How bad was 2013 for Red Lobster? It had to spend the latter portion of the year assuring potential customers it wasn't dead.
Rumors of its demise weren't all that exaggerated. Parent company Darden Restaurants saw Red Lobster's same-store sales slip 4.5% last quarter and Darden and made noise about spinning off Red Lobster into its own entity. Red Lobster's prestige has faded in recent years, as even in a Darden portfolio that includes the Olive Garden, Longhorn Steakhouse and Yard House chains, Red Lobster falls somewhere beneath the Capital Grille in the pecking order. Darden issued warnings as early as 2012 that its 2-for-$25 meal deals were falling short of the 2-for-$20 deals offered by its competitors. It's been fairly disastrous since.
Even as Darden toyed with the restaurant's logo and uniforms and briefly considered ditching waiters and waitresses altogether, there wasn't much working in Red Lobster's favor. NPD Group noted that the number of restaurant visits driven by deals rose between 3% and 5% at the height of the recession in 2008 and 2009, but slumped 3% last year. What casual-dining establishments are learning quickly is that nobody's going to buy their reheated food or pre-fabricated atmosphere if they don't feel it's a value. The cost of dinners out rose nearly 3% over the [ast year, according to the Consumer Price Index. That's more than the 2.2% overall rate of inflation and isn't helped when a $10 promotional meal jumps to $12 or $14, jacking up the price 20% to 40%.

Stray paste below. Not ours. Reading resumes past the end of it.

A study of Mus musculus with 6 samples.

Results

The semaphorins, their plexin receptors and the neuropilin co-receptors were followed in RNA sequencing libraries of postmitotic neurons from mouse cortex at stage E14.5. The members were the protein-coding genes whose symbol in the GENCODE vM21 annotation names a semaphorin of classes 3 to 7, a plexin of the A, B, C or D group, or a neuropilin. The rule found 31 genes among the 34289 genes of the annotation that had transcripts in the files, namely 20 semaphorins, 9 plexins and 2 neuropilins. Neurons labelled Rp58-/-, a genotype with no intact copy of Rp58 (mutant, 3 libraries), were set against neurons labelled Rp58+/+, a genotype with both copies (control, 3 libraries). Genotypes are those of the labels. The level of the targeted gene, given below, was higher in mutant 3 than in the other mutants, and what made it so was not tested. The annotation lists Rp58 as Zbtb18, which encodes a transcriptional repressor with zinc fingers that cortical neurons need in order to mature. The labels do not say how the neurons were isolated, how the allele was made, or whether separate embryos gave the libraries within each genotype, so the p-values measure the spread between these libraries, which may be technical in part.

Meanwhile, as Outback Steakhouse and Carraba's Italian owner Bloomin' Brands added the Bonefish Grill seafood chain to its family more than a decade ago and even lower-tier casual-dining chains such as DineEquity's Applebee's added seafood to their menus at reduced prices, Red Lobster's appeal diminished. On the more casual end, it lost ground to Buffalo Wild Wings. That chain's emphasis on beer, wings, sports and lots of big televisions helped it grow from 340 restaurants in 2008 to more than 500 by 2010 and boosted its revenue by 6.6% that year alone.
The Super Bowl aims ads directly at consumers who were once Red Lobster's core constituents. They were the folks who paid for fancy seafood dinners in landlocked states and saw the chain as destination dining. Now they see it as an overpriced strip mall stop with decent cheddar biscuits. A Super Bowl ad could have helped not only give the company a pep talk as it reinvents itself, but could have helped reintroduce it to U.S. diners who've since sought other options. Now, it's just a fading seafood chain set adrift.